When parents are in the middle of the divorce process, or approaching it, it is often difficult to maintain clear perspectives. Even when parents want the best for their children and work together to keep the process civil, emotions can easily get in the way of strong, reasonable compromises.
When it comes to child custody and coparenting issues, compromise is crucial. Although courts prefer for parents to develop their own preferred custody and parenting agreements, the courts ultimately approve or deny any custody or parenting proposals. While many factors play into a court's decision, it is important to understand that the law values the best interests of the child above the preferences of the parents, in many instances.
If you and your child's other parent choose to divorce, or if you are already in the middle of the divorce process, it is wise to invest time and resources into creating a parenting plan that addresses potential conflicts in the future and establishes clear guidelines for how you plan to raise your child. Taking the time to create a strong plan not only shows the court that you take your role as parents seriously, but also helps ensure that your rights in Texas remain secure throughout the parenting journey.
Establishing expectations and boundaries
No two parenting agreements are exactly the same, just as no two families are the same. In order to create a strong framework for coparenting, it is important to establish clear expectations that both parents understand and support, as well as clear boundaries around unacceptable behavior.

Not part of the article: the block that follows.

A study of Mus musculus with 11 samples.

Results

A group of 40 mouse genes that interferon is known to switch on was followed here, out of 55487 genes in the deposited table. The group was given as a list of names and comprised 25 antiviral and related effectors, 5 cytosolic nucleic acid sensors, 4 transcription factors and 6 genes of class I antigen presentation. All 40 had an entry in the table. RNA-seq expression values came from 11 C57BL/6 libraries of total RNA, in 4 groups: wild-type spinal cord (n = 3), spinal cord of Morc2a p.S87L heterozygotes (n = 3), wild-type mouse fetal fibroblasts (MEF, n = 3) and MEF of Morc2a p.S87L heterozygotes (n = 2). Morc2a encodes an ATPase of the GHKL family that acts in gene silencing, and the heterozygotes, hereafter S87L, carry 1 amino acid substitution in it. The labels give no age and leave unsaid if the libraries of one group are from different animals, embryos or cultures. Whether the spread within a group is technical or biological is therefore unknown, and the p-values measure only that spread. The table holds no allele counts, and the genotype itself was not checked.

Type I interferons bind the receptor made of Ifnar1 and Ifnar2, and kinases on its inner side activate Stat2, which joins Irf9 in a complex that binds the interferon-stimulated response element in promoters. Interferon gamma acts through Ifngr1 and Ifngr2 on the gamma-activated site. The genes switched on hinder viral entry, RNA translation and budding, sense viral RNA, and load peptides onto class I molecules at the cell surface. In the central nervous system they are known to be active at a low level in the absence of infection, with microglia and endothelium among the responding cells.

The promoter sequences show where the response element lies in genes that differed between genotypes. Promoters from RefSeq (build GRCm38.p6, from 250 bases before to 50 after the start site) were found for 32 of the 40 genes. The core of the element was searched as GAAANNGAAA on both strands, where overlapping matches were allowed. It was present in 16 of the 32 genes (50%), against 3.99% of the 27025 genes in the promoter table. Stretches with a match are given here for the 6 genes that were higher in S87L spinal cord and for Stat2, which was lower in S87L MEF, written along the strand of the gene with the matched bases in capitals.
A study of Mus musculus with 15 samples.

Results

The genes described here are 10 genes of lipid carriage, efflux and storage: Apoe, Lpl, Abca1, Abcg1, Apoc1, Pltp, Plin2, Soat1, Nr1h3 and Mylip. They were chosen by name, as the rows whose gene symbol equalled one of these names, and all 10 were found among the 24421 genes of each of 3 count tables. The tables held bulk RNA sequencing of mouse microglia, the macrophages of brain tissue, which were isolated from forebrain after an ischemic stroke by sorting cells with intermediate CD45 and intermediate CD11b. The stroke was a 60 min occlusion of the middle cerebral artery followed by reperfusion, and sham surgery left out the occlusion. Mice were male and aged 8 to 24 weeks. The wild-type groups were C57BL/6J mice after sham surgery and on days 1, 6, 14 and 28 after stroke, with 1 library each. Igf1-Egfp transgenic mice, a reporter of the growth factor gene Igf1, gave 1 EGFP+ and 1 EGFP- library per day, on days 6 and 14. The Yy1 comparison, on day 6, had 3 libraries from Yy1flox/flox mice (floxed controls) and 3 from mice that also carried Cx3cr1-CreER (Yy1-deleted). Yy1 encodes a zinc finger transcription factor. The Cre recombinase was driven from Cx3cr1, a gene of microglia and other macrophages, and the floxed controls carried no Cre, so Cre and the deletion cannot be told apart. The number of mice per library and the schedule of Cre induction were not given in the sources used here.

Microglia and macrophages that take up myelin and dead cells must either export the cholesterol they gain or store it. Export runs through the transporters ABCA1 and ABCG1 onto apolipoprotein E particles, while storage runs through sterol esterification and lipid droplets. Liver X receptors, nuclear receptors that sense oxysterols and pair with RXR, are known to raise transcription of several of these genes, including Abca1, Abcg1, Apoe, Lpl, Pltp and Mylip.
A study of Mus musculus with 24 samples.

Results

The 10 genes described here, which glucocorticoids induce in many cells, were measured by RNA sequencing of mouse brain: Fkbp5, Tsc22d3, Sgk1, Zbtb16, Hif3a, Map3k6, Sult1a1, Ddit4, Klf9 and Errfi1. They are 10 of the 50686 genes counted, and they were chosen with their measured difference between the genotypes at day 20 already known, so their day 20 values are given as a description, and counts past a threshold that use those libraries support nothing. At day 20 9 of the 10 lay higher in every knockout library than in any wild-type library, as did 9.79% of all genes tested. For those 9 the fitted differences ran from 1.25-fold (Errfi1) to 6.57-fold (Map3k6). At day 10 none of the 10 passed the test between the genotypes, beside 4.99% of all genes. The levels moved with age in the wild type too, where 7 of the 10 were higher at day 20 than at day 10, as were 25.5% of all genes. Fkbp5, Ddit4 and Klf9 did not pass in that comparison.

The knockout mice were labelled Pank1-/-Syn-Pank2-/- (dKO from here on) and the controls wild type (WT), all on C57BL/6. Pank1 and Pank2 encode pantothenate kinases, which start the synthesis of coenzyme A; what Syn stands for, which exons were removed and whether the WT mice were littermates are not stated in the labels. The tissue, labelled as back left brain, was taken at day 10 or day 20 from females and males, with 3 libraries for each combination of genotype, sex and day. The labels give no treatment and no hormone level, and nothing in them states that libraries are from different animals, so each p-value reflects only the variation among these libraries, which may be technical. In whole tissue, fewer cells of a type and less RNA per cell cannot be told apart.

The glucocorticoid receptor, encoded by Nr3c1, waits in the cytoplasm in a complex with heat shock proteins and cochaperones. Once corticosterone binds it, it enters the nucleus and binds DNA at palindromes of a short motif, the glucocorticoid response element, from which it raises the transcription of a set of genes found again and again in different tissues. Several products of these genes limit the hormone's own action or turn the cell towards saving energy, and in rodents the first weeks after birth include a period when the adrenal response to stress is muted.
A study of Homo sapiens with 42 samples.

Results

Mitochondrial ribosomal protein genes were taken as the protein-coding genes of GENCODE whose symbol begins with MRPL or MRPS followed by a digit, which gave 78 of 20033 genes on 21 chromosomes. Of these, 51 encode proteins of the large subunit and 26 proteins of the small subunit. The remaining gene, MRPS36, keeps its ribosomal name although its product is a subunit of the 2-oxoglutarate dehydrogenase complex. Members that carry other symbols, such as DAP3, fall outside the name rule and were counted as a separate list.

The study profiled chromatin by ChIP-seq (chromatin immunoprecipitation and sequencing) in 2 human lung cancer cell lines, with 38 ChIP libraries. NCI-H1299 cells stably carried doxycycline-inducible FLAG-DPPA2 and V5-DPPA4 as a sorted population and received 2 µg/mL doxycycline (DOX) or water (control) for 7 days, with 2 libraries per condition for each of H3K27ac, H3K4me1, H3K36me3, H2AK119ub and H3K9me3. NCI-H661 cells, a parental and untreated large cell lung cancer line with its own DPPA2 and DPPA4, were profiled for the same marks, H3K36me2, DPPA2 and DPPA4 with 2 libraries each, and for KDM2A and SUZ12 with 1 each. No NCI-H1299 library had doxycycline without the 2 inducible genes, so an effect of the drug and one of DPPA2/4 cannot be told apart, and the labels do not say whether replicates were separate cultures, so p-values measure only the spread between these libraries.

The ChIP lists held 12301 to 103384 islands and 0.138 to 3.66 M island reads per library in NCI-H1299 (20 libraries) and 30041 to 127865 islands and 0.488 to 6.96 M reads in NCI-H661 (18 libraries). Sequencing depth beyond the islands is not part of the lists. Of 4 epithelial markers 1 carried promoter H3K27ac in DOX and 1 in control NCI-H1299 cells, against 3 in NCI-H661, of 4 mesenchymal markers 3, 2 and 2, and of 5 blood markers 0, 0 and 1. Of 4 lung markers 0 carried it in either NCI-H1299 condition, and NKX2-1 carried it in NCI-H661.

A strong parenting agreement lays out the specifics of raising your child separately. This includes issues like where a child will live and how each parent shares parenting time and parenting responsibilities.
It is also important to reach a clear understanding of how parents will work together to resolve parenting conflicts when they arise. This is crucial to any parenting plan, because these conflicts are inevitable over time. The clearer the agreement is about resolving parenting conflicts, the less room for confusion if and when conflicts occur. This is particularly important where it concerns the child's education, medical care and participation in religious practice.
Restricting parenting time interference
In many cases, one or both parents may behave in ways that undermine the other's authority or prevent the other parent from enjoying their court-ordered custody and visitation time. In broad strokes, courts consider this behavior parenting time interference, and may punish offending parents with loss of privileges, mandatory make-up days for lost custody time or even criminal charges.
A strong parenting agreement identifies numerous areas where one parent may interfere with the other and lays out remedies for these violations. It is important for parents to develop these remedies together, so that both parties understand the consequences if they commit parenting time interference. For the sake of your rights as a parent and for the best interests of your child, be sure to make time to create a parenting agreement that truly meets your child's needs.